Ground Beef is Unhealthy and Contaminated
I am a bit obsessed this week with Celebrity Chef Jaime Oliver and his mission to reform the way Americans eat. I watched his new ABC show where he tries to reform the school lunch program in North Carolina where 50% of the town is obese. It is really a great show and it's great to see this type of "reality" TV rather than the usual fare. In honor of eating healthy, I am re-posting a blog from last year. It is worth repeating and here it is:
It takes a lot to shock me, but the article in today's New York Times about E. coli in ground beef is truly eye opening. I want you to read the entire article but here are some scary highlights and facts that show our meat sources are not safe for consumption:
- A single portion of hamburger meat bought at most supermarkets is not from meat run through a grinder. It is an amalgam of various grades of meat from different parts of many cows and even from different slaughterhouses.
- There is no federal requirement for grinders to test their ingredients for E. coli pathogen.
- Hamburger meat might be labeled "Angus Beef" but it can be made up of low grade ingredients cut from areas of the cow that have contact with feces, which carries E. coli.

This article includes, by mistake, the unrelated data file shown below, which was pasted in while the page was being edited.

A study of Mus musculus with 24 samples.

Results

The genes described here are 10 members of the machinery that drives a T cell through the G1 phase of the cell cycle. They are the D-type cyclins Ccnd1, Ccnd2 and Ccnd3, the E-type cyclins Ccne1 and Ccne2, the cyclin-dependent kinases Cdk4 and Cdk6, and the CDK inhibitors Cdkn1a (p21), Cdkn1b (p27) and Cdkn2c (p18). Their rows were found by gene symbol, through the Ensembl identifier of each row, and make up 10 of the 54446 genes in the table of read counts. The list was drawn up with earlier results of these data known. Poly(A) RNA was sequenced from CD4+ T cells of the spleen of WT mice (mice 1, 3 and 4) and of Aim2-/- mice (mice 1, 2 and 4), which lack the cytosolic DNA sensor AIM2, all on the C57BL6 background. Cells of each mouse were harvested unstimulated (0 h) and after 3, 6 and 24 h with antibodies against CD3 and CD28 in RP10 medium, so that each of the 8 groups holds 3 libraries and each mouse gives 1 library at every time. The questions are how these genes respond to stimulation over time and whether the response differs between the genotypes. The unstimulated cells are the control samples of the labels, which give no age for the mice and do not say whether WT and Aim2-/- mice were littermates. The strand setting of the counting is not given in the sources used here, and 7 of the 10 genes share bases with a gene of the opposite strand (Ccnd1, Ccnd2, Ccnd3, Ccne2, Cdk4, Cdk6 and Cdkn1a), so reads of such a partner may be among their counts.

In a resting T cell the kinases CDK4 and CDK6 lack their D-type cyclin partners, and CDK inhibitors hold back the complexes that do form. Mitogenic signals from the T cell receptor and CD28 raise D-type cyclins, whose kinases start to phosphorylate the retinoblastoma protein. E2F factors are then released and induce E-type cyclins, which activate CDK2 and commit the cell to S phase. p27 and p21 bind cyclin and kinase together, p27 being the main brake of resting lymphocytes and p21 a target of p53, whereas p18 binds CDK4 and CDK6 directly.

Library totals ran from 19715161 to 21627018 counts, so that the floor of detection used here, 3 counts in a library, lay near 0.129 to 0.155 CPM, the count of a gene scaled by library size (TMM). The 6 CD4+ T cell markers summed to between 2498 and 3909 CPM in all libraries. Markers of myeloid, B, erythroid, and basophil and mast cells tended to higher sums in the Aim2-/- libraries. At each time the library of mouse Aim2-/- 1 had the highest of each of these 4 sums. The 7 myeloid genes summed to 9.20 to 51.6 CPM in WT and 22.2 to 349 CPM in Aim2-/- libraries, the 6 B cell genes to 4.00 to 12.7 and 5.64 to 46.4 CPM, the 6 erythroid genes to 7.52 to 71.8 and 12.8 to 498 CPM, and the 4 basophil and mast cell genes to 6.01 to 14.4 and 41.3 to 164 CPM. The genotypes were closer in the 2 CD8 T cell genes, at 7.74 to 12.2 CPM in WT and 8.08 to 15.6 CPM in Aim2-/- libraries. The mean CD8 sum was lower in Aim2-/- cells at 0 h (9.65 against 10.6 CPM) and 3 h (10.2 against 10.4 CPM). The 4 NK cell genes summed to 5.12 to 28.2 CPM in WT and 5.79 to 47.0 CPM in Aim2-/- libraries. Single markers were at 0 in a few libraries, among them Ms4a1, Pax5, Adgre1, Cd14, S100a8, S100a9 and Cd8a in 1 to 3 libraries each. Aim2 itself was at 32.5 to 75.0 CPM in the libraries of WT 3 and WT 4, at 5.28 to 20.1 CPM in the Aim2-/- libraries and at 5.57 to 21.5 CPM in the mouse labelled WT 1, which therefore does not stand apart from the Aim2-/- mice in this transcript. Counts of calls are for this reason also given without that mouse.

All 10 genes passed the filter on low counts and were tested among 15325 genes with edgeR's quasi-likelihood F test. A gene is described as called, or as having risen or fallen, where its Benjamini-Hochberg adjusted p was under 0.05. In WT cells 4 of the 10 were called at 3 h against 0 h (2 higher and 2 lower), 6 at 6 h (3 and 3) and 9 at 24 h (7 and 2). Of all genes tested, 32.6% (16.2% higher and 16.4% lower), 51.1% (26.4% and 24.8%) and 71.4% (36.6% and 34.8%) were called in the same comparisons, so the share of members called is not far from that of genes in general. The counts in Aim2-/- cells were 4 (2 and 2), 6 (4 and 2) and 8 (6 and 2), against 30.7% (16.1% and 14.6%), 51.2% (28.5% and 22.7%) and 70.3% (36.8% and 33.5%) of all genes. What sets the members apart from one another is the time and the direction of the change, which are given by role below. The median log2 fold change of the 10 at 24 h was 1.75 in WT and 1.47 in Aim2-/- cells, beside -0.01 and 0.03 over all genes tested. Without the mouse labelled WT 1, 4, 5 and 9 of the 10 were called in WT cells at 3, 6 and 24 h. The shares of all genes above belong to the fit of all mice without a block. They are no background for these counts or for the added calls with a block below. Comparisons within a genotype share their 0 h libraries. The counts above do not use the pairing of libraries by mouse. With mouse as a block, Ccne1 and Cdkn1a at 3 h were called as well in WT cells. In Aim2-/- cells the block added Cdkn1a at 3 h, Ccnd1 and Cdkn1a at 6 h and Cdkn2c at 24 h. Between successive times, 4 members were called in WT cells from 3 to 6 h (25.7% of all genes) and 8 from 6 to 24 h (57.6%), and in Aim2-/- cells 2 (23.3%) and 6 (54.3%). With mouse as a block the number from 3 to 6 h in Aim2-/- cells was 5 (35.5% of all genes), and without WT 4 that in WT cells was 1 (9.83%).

- Many big slaughterhouses will only sell to grinders who agree not to test their shipments for E. coli because they fear that discovery will set off a recall of ingredients they sold to others.
- Meat grinders buy trimmings of fatty edges sliced from better cuts of meat and mix them with other fatty meat products that have been centrifuged and treated with ammonia to kill E. coli. One company, Beef Products Inc, produces seven million pounds a week that is sold to grocers and fast-food restaurants and served in the federal school lunch programs.
- The Agriculture Department regulations allow hamburger meat labeled ground chuck or ground sirloin to contain trimmings from those parts of the cow.
- Bacterial testing of ground beef is not required because the industry says the cost would unfairly burden small producers.
- Costco tests trimmings for E. coli before grinding.
- E. coli gastroenteritis is usually a mild disease. Five to 10% can be serious and cause hemolytic uremic syndrome and kidney failure.
- There is no question that the U.S.D.A. does not protect consumers from contaminated meat.
- Hamburger meat is not safe unless you have a butcher grind up a full cut of beef.